I heard them say they’re shutting Detroit down.
But I won’t leave ‘cause this is my hometown.
— Kid Rock, “Times Like These”
San Francisco. Palo Alto. New York. Cambridge. Austin. Boulder. Detroit. One of those doesn’t seem to fit in there right? After all, Detroit’s a mess isn’t it? The median house price in Detroit is $6,000. Half of the adults in the city are functionally illiterate. 48% of children live below the poverty line. Some people would say that Detroit epitomizes what is wrong with America.
But for a group of talented and motivated entrepreneurs in Detroit it’s something else. It’s a chance to show what’s right about America. Last week I had the pleasure of meeting with a dozen of Detroit’s top founders to discuss what it’s like to start a company in what’s probably the most economically depressed city in the country. While their businesses were different and they didn’t agree on everything, they all shared one thing: a strong feeling that the Detroit of the future will be better than the Detroit of the present.
The meetup came together in large part due to the efforts of Ben Bator, the founder of Texts from Last Night, a somewhat random idea that spawned a website with four million monthly unique visitors, a book and a development deal with Sony Television. Ben is the kind of the guy who could start a company anywhere but instead has chosen to grow his company in Detroit and help to provide jobs in the community that he grew up in.
If that attitude sounds familiar it might be because of a guy named Dan Gilbert. Gilbert, a Detroit native, founded Rock Financial back in the 80s and the company was acquired in 2000 by Intuit and rebranded as Quicken Loans. In 2010, Quicken Loans moved its headquarters and 1,700 employees to downtown Detroit and plans to move an additional 2,000 people downtown by the end of this year. Estimates of Gilbert’s wealth have exceeded a billion dollars, plenty of money for him to buy the Cleveland Cavaliers and perhaps more importantly plow some of his cash back into the Detroit startup scene through Detroit Venture Partners (DVP).
Jake Cohen, who joined DVP in November, feels that Detroit is on the verge of a startup renaissance. “There are a number of advantages to starting a company in Detroit including lower costs, strong talent at the local schools like the University of Michigan, Michigan State and the College for Creative Studies at Wayne State and an an opportunity to fill a local hiring void left by the downsizing of the auto industry.” DVP has written checks for 10 companies in the last year alone and the company’s roster of investors includes impressive guys including Josh Linkner, DVP’s CEO and founder of the ePrize and, most recently, Michigan’s favorite son, Magic Johnson, who joined as a General Partner in July.
The renaissance in Detroit is one that spans generations. It includes guys like Andrew Rauh, a guy who Peter Thiel should be actively recruiting for his 20 Under 20 program. Andrew, a freshman at the University of Michigan, has already started one company and been featured by Fast Company. Andrew’s resume is one of the most impressive of any teenager I’ve encountered and includes being published by Johns Hopkins University, finishing 3rd in an International Science Fair and raising money for Haiti after the earthquake.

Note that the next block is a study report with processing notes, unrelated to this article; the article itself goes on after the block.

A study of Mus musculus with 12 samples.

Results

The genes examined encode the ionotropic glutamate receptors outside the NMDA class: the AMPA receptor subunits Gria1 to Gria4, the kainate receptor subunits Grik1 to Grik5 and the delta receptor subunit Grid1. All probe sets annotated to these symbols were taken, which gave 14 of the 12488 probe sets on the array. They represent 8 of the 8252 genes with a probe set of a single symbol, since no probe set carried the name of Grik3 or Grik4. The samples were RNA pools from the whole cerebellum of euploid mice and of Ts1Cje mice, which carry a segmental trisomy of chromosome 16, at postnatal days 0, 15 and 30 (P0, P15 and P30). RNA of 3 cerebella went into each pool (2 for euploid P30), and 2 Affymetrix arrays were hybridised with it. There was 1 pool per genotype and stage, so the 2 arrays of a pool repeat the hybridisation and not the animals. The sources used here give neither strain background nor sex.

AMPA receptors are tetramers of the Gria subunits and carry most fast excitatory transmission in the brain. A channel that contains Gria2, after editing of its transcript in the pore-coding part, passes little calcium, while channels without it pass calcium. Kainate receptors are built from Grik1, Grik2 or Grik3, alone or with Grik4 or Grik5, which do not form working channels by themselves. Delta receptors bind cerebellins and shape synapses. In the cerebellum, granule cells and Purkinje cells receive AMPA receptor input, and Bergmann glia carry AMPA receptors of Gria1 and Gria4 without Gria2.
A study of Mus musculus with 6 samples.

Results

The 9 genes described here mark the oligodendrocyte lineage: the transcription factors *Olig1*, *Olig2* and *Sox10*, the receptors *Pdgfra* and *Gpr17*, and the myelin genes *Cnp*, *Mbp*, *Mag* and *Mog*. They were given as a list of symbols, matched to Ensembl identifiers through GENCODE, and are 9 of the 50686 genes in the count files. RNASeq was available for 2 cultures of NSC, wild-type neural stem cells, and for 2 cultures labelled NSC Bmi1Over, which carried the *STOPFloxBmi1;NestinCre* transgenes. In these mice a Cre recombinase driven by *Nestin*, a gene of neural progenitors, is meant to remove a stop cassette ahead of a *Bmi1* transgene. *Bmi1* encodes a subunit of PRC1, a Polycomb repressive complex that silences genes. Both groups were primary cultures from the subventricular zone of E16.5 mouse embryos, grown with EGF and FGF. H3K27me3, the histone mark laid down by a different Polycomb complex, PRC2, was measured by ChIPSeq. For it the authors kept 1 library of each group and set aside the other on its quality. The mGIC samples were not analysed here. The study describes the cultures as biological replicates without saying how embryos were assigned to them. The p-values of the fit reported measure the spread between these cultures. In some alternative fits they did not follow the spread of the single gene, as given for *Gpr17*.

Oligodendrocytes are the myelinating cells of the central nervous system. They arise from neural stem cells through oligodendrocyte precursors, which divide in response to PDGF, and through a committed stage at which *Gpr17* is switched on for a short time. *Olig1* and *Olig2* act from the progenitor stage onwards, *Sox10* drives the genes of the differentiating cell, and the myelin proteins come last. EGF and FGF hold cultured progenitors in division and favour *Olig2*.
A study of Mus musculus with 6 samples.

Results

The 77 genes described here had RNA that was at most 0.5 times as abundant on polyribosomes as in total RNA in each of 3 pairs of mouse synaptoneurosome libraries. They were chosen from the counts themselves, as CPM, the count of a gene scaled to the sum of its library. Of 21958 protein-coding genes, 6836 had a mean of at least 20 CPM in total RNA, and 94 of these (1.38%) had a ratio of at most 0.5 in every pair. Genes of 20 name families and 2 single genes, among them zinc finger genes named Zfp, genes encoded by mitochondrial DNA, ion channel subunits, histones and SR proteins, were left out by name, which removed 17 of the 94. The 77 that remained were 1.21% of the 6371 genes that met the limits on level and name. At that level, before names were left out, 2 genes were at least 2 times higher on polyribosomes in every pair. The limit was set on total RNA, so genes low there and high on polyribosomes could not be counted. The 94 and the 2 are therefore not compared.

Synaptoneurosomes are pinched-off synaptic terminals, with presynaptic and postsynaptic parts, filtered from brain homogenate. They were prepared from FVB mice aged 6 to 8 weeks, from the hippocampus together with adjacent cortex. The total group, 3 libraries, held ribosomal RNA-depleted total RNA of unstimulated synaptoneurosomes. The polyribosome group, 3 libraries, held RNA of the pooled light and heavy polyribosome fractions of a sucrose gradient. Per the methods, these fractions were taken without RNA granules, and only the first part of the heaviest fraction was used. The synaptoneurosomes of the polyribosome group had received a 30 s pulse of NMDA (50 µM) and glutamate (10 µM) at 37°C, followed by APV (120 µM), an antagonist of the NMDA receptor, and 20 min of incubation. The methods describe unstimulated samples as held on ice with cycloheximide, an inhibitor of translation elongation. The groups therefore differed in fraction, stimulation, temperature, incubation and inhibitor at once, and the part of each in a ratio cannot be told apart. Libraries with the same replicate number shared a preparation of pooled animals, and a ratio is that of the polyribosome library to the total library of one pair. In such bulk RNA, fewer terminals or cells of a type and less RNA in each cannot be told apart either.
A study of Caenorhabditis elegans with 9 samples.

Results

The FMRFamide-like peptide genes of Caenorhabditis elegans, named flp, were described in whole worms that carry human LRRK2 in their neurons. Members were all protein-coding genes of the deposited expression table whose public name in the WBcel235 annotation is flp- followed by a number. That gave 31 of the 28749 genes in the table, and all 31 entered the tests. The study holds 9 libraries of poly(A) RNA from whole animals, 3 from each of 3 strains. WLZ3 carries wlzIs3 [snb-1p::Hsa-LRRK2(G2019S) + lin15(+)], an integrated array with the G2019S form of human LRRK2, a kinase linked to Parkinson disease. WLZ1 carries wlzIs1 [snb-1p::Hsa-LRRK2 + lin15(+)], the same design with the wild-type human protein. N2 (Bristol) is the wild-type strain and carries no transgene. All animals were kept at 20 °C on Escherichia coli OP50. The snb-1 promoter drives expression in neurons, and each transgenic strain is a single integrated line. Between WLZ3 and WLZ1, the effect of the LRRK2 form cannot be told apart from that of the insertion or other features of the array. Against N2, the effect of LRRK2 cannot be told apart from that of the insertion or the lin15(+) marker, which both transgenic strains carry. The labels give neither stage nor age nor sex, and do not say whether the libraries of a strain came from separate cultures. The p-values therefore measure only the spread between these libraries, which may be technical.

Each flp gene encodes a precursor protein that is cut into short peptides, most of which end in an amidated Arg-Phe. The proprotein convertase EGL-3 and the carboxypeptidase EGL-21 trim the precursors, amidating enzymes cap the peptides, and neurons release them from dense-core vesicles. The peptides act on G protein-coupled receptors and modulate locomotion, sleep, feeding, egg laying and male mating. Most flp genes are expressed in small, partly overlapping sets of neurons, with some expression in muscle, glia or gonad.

But it’s not just young guys starting companies in Detroit. Hossein Nivi might be a bit older than your average tech entrepreneur but he’s no less visionary. Hossein is attempting to disrupt education and training through Pendaran. Imagine a cross between a flight simulator, a boot camp and a business school and you have a highly effective training model that’s been used within a number of corporations. And if Hossein’s surname is recognizable, it’s likely because you’ve seen the work of his sons out in San Francisco, Babak (“Nivi”), the founder of AngelList, and Farbood, the founder of Grockit.
So while it’s easy to look at Detroit and feel discouraged by what’s going on, spend an hour with one of Detroit’s entrepreneurs and your mindset will change. Raji Bedi, the founder of doingtonight (think Plancast for where you’re going out tonight), put it well with an emphatic statement. “We don’t want your pity or to be someone’s charity project. We want Detroit’s startup companies to stand on their own.”
After spending time with the founders of other innovative companies like Are You a Human (game-based CAPTCHA), Gumshoe (a social game best described as “Clue meets The Amazing Race”), HealPay (disruptive play in the collections space) and Own Point of Sale (social point of sale) and with the people behind incubators like Detroit Labs and Tech Town I was left with a strong sense of hope for Detroit. The numbers are pretty clear. Job growth comes from startups. So if Detroit is to come back it’ll be the founders that assembled last week (and hopefully many more who will follow in their footsteps) who will be part of driving that job growth.
No pity here. The kids in Detroit are definitely alright.